Tyne & Wear ‘franchising’ bid rejected

Tyne & Wear ‘franchising’ bid rejected

Photo: TransportXtra

The proposal by the North East Combined Authority to change the way bus services are provided in Tyne & Wear has been turned down.

The Quality Contract Scheme proposals would have allowed the Authority’s Passenger Transport Executive, Nexus, to take control of the entire bus network in the region, setting timetables and fares to give an integrated service with one area-wide fare scale, similar to the system that operates in London. Powers to do this were introduced 15 years ago, in the 2000 Transport Act, though no scheme has yet been put into place: the Tyne & Wear scheme has been taken further than any other region.

The proposals have to be scrutinised by a Quality Contract Board, led in this case by North Eastern Traffic Commissioner Kevin Rooney. There are five public interest criteria which have to be met, and the Board has concluded that three out of the five have not been met.

It has decided the proposals were not economic, efficient and effective, and that similar benefits could be achieved under alternative partnership plans proposed by the local bus companies. Neither was the Board convinced that the scheme would be affordable: it felt it would be likely to encounter funding issues, putting pressure on fares and the network. The Board did not consider that the proposals would lead to more bus use, nor even to turn round its decline in the area and it concluded that the ‘negative impacts on operators’ would not be outweighed by the benefits to bus passengers.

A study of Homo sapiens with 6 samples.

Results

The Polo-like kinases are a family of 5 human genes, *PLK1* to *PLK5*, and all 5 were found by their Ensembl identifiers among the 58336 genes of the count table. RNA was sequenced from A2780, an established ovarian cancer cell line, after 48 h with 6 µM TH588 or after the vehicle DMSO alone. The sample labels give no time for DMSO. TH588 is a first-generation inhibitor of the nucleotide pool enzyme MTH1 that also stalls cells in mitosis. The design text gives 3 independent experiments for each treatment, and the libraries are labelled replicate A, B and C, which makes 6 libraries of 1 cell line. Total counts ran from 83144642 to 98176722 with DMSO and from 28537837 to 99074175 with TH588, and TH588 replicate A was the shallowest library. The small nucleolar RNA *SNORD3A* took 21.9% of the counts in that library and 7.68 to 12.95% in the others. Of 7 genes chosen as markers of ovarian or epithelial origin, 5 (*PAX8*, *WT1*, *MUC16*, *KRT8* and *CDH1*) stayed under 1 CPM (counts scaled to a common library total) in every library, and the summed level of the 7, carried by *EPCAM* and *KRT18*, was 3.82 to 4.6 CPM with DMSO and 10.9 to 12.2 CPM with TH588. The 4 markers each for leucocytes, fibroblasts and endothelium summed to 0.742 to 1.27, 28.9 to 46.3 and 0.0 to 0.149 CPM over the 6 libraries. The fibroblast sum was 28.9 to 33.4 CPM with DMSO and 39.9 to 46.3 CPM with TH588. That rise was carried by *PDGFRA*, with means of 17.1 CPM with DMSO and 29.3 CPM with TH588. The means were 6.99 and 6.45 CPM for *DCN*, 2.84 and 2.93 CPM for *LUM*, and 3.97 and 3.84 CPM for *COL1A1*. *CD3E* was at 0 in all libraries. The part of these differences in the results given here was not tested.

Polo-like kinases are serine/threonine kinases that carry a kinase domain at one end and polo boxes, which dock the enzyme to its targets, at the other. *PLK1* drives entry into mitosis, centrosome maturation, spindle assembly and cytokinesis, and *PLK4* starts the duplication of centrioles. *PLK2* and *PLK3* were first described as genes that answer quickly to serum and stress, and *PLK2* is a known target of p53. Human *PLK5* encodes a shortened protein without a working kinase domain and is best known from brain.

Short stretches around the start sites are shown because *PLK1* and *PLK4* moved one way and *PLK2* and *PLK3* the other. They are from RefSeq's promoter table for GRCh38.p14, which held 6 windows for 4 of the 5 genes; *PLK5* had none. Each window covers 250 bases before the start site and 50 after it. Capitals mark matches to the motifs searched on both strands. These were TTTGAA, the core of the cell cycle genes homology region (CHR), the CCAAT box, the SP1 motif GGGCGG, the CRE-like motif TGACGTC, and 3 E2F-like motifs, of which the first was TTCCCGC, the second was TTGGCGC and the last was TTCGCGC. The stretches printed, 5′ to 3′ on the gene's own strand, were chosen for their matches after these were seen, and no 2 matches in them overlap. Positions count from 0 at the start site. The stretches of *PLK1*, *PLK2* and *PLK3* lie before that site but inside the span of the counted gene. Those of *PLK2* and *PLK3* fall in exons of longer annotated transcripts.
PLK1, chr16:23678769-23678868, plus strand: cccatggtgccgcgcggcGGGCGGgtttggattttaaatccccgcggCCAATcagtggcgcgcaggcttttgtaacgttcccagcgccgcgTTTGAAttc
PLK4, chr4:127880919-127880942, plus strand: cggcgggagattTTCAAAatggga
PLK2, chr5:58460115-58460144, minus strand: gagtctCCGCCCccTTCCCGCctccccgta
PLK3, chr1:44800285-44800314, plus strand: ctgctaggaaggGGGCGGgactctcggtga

The alternative partnership plans proposed by the bus companies would limit the number of changes to services, would seek to improve the network and the quality of vehicles provided and would introduce multi-operator and multi-modal ticketing, though would not deliver a unified fare structure: bus operators would still set their own fares levels.

Not surprisingly the local bus companies are pleased with the outcome; while they would have been able to bid to run packages of services specified by Nexus, they would have lost their existing services without compensation. However Tobyn Hughes, managing director of Nexus, said the scheme had aimed to introduce ‘a simple, affordable and integrated public transport system in this area’, and that the Board had recognised that the proposal could indeed achieve such an outcome. He has publicly disagreed with many of the Board’s conclusions, and suggests that it had taken a ‘highly pessimistic and surprising view of financial risks’ which increased Nexus’s cost projections by up to 40%. ‘We will be discussing next steps with the North East Combined Authority’, he said.